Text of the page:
The International Union for Conservation of Nature (IUCN) lists scalloped
hammerhead (Sphyrna lewini”) as endangered and considers a “very high risk of extinction in the wild”, yet it did not receive CITES status due to pressure from fishing nations. The U.S. has already acknowledged that the scalloped hammerhead is threatened by exploitation and that additional regulation is needed to conserve the species, as these were core contentions supporting its proposal to list the species under CITES.
This species is in drastic decline throughout its range through overfishing and from the shark fin trade. These schooling sharks are highly vulnerable to targeted fisheries. Like most sharks, scalloped hammerheads play an important role in the health and balance of oceanic ecosystems.
These ecosystems, including already threatened coral reefs, could seriously suffer from the removal of a top predator.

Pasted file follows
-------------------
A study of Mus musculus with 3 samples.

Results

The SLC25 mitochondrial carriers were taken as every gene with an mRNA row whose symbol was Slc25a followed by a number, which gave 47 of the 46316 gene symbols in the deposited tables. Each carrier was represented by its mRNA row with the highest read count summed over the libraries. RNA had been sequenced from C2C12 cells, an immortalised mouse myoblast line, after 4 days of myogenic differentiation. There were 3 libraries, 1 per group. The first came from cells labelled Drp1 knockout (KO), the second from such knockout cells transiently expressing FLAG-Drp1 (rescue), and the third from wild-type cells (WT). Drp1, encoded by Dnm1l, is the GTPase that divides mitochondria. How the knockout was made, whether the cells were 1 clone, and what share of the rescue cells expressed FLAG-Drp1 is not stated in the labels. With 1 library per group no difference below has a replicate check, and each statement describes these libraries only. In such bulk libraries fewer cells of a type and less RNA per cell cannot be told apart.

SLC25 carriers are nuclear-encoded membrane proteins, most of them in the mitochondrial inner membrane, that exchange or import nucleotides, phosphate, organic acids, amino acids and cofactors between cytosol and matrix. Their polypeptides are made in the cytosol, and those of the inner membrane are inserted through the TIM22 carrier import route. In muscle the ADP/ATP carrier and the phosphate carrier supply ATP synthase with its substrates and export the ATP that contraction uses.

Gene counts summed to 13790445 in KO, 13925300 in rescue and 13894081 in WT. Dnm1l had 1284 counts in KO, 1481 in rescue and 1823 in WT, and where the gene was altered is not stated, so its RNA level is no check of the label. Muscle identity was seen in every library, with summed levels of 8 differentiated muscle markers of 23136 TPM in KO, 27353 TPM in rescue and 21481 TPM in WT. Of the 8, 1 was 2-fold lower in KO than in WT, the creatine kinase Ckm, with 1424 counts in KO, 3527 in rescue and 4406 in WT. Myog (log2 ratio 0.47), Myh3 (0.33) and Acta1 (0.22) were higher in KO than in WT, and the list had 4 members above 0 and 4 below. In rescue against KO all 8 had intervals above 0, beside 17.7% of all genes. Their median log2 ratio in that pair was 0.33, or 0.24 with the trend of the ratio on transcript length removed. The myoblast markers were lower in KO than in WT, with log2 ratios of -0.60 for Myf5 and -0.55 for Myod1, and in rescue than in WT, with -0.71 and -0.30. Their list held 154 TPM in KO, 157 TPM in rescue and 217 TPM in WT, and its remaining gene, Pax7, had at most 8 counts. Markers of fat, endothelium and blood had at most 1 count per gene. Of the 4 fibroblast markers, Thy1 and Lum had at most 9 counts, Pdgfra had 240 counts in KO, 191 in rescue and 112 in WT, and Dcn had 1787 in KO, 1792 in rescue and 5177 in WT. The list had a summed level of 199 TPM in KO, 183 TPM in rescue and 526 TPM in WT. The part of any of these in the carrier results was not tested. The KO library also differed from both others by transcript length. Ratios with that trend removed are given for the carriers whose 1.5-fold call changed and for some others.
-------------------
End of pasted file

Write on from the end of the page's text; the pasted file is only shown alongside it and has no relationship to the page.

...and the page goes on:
We join WildEarth Guardians and Friends of Animals request that NMFS list the species (1) throughout its entire range or, alternatively (2) as five distinct population segments (DPS’s) under the ESA representing each subpopulation of the species. The five subpopulations, any of which might qualify for listing as a DPS, include the Eastern Central and Southeast Pacific, the Eastern Central Atlantic, the Northwest and Western Central Atlantic, the Southwest Atlantic, and the Western Indian Ocean.
We also request designation of critical habitat in U.S. waters for this species along with final ESA listing. Critical habitat should protect the areas most important to the scalloped hammerhead’s survival, such as breeding grounds or coastal areas. Areas should include waters around the Hawaiian Islands, Southern California, and the coastal region between South Carolina and central Florida, which is believed to be an important nursery area in the Western Atlantic.
Besides protecting endangered species, a main goal of the ESA is ecosystem stability and biodiversity. Protecting these sharks will satisfy both goals and ensure the survival of this important apex predator.
We urge you to list the Scalloped Hammerhead Shark (Sphyrna lewini) under the endangered species act either worldwide or as one or more Distinct Population Segments.